Will our votes be protected?

A pressing security concern for the Independent Electoral Commission of South Africa (IEC) is the threat of cyber-attacks warns Hayden Sadler, Country Manager for South Africa at INFINIDAT.

South Africa's eligible voters cast their ballots in national and provincial elections on 8 May 2019. Although there are many internal and external factors that may affect the results, a more pressing security concern for the Independent Electoral Commission of South Africa (IEC) is the threat of cyber-attacks.

These attacks may harm the computer systems that support our election thereby changing the results and irreversibly affecting the fate of the country. Data storage and protection is therefore a key consideration along with a proactive plan if hackers succeed with an attack.

Preparing for the 'day after'

An election campaign is the ultimate test for the successful deployment of a large-scale data recovery and investigation the day after an attack. If the country were to fall victim to a cyber-attack during the election process, the process would be similar to that of a business recovering from an attack or data breach. As a result, lessons can be learned from the 'business world' on how they execute such plans.

The two crucial pillars

In order to prepare for the 'day after' scenario, two main pillars must be in place, namely preparation and rapid recovery.

Firstly, parameters must be put in place that define what information can be stored as evidence and how this data should be collected in order to be easily analysed after the fact. In addition to ensuring that adequate data is gathered, a procedure needs to be in place to record those who have accessed the system. This includes identification methods and the location or source of access, etc. The information will assist the investigation and provide an answer as to how the breach occurred.

The second pillar that needs to be in place includes the skills to analyse the information that is gathered, a proficient investigation and the ability to respond accordingly. Here, tools used in the attack against the organisation are examined.

This evaluation and investigation are usually conducted by a Security Operations Centre (SOC) and cyber security experts as they are able to answer critical questions such as how and when did the penetration take place? Is there still access to information or remote-control systems? What can be learned from this and how to neutralise activity along with who is involved and what information is leaked?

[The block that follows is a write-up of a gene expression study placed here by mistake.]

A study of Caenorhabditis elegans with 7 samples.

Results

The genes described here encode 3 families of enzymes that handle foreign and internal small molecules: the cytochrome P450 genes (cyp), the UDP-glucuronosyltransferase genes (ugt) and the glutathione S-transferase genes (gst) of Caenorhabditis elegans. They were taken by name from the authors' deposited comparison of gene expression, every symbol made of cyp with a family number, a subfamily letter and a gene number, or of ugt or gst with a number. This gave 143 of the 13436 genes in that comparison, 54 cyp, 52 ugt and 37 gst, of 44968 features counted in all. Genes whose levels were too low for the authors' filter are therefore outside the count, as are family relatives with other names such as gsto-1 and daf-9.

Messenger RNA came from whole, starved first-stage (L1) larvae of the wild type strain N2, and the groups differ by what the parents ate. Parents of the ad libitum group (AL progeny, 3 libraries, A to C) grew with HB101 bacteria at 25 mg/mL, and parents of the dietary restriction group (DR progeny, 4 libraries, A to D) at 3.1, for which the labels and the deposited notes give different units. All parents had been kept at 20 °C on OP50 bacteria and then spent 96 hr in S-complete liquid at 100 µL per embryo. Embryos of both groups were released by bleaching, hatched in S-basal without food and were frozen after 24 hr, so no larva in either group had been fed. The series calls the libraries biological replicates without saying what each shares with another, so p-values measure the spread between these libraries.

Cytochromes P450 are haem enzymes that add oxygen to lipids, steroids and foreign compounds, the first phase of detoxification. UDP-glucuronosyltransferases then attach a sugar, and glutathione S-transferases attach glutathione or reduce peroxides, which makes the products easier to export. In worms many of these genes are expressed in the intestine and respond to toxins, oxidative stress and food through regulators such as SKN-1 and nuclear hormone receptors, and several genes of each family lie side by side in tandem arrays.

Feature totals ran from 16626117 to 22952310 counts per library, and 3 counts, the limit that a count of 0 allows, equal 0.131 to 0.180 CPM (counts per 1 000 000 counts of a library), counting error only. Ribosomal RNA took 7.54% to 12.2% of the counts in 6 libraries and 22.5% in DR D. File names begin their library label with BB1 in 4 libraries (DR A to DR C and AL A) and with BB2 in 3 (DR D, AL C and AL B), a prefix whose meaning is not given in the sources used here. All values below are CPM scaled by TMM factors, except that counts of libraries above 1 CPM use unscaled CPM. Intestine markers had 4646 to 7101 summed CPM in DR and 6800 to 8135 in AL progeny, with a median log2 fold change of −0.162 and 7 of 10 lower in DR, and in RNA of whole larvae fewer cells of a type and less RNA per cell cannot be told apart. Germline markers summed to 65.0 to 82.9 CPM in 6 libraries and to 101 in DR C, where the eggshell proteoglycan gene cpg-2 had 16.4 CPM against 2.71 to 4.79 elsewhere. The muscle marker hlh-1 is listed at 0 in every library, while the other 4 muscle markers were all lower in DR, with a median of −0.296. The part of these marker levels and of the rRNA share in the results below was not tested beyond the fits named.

In recent years hackers have been known to use malware that destroys the information that can detect them, intentionally corrupting all the data around them. Such a 'scorched earth' policy makes it difficult to interrogate and assures hackers that the tools they have developed will be used for a longer period of time. This makes the second pillar crucial in apprehending suspects.

These parameters ensure that organisations are prepared for the 'day after' by providing investigators with information and the ability to retrieve it easily and quickly. However, a major problem lies in the fact that the data collected and investigated is often saved on inexpensive media, such as cassettes, that is not readily available for immediate retrieval.

Data availability and performance = accurate insights into a breach

When it comes to election campaigns, the availability of information is paramount and the public cannot wait months for retrieval and analyses of results. The process must be conducted as quickly as possible.

In other words, planning the deployment for the 'day after', a proper level of performance must be ensured that will enable them to produce accurate insights and analysis, timeously. Furthermore, a thorough feedback process must be conducted in which checks are done to establish if all the data is collected and if the organisation is adequately prepared for another attack.

It is vital to locate, identify and retrieve information and this must be addressed through the infrastructure. Modern intelligent storage solutions include mechanisms called snaps that enable accurate monitoring of cyber threats and detection of active attacks. Snaps allow for rapid recovery, as there is no need to transfer terabytes of information back from backup destinations. Recovery time is also a critical element in an election campaign and therefore retrieving large volumes of information in a short period of time is a must.

Therefore, organisations, whether a country or a business, must examine and leverage the infrastructure tools at their disposal in order to carry out comprehensive and thorough planning of the mechanisms that support the analysis of critical questions the day after an attack.

Intelligent storage solutions need to be in place to provide performance, availability at a reasonable cost. Moreover, a holistic operating approach is required, enabling efficient implementation, while obtaining rapid recovery.

Consequently, turning the tide from a disaster scenario to a positive development and a return to a beneficial routine.

By Hayden Sadler, Country Manager for South Africa at INFINIDAT.